Forest Service Chief Tom Tidwell spent some time on Capitol Hill this week explaining the Forest Service’s proposed 2011 budget with Congressional appropriators and oversight committees. The new budget proposes to pool numerous existing line items into one large “Integrated Resource Restoration” (IRR) program. The idea is that this would enable the agency to move forward more effectively toward all restoration objectives, including watershed restoration.
While we love the idea, we don’t love the proposal, and at this point in time we don’t think it will help the agency increase true watershed restoration work. How can it, when roads are one of the primary impacts to water quality and watershed health, but this large new program barely gives the time of day to road management issues? The agency explains that the IRR pools funds from a Forest Service budget area that addresses natural resources, not infrastructure. Infrastructure, including all road management funding (road maintenance, construction, Legacy Roads and Trails Remediation Initiative, etc.), is funded through the agency’s overall Capital Improvement and Maintenance budget. The resources and infrastructure funding aren’t typically mixed on paper, though some resource funds can be, and are, used for things like culvert upgrades and road decommissioning when roads affect those resources.
On the bright side it appears that some of our advocacy is at least getting through in concept to the Forest Service. According to a 2/26/10 article from the publication Energy and Environment Daily (Noelle Straub; House appropriators question proposal to reshape Forest Service budget), the following exchange occurred regarding road funding:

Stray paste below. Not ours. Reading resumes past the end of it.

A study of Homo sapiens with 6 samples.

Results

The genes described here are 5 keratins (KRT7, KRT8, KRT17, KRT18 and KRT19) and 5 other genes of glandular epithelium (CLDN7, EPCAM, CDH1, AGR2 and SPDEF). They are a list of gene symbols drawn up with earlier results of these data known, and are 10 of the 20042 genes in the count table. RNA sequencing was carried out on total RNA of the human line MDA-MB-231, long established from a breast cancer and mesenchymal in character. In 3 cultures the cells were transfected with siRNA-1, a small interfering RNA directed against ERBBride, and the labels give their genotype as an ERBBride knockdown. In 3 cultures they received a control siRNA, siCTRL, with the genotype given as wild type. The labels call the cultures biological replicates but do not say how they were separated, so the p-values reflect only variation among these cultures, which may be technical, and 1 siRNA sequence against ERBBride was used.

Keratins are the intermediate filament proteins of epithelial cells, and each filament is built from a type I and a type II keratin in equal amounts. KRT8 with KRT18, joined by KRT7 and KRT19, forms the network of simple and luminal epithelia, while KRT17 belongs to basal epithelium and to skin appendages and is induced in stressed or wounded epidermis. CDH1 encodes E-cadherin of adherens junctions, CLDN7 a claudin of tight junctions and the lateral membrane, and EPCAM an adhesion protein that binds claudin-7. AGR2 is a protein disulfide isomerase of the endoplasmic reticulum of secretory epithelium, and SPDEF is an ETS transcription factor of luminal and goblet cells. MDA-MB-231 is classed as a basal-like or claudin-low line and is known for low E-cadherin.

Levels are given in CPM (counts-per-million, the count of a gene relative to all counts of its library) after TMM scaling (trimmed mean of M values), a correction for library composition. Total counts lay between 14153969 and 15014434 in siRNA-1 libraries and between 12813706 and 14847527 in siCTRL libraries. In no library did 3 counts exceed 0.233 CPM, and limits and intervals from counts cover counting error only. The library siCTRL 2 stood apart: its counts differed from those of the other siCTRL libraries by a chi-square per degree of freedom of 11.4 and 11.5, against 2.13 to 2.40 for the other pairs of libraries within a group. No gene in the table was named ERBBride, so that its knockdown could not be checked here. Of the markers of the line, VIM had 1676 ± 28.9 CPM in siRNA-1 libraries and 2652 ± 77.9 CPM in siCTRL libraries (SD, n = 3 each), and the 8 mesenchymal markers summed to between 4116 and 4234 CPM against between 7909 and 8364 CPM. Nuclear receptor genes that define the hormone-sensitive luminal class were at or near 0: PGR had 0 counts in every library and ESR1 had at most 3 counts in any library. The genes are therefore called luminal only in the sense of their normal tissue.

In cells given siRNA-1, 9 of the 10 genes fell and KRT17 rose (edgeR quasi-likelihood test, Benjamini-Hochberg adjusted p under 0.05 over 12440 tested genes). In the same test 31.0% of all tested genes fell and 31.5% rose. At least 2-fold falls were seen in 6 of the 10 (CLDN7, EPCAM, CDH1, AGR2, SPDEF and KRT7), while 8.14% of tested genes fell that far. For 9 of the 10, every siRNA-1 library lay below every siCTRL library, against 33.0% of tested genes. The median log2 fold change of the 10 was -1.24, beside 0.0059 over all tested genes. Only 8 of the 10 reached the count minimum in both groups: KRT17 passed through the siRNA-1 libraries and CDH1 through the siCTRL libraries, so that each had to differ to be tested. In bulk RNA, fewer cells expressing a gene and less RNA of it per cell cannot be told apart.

“Committee members also objected to the proposed reduction in funding for road improvements and for the Forest Service research program.
The agency's capital improvement and maintenance program would drop from $556 million in 2010 to $438 million next year, with most of the decrease coming from a reduction for roads activities. While $168 million is requested for road maintenance and decommissioning, no funding is provided for new road construction or upgrades to existing roads. The budget requests $50 million for the Legacy Roads and Trails program, down from the $90 million approved for 2010.
Tidwell said the agency is shifting its focus to "right-sizing" its road system, meaning it will not build new or upgrade existing roads but instead will work to maintain the roads its needs and decommission those it doesn't. The Forest Service has 45,000 miles of road it no longer needs that are expensive to maintain and can cause environmental problems, he said.”
We’re glad this discussion occurred, since Tidwell gave scant attention to road management issues in his formal testimony. For example, road decommissioning gets mentioned once in the opening, and then other road management issues, including Legacy Roads and Trails (which the budget proposes cutting in half!) receive one long-ish sentence in the concluding paragraph. Recreation advocates were probably equally disappointed, as recreation is the other topic covered in that one sentence. The message seems clear: the agency considers road management far less important than timber management, even when it comes to watershed restoration.
But again, just having Tidwell give public statements that the agency is moving toward right-sizing the road system is a step forward. Now they have to put real actions behind their words, and we’re working hard to help them do so!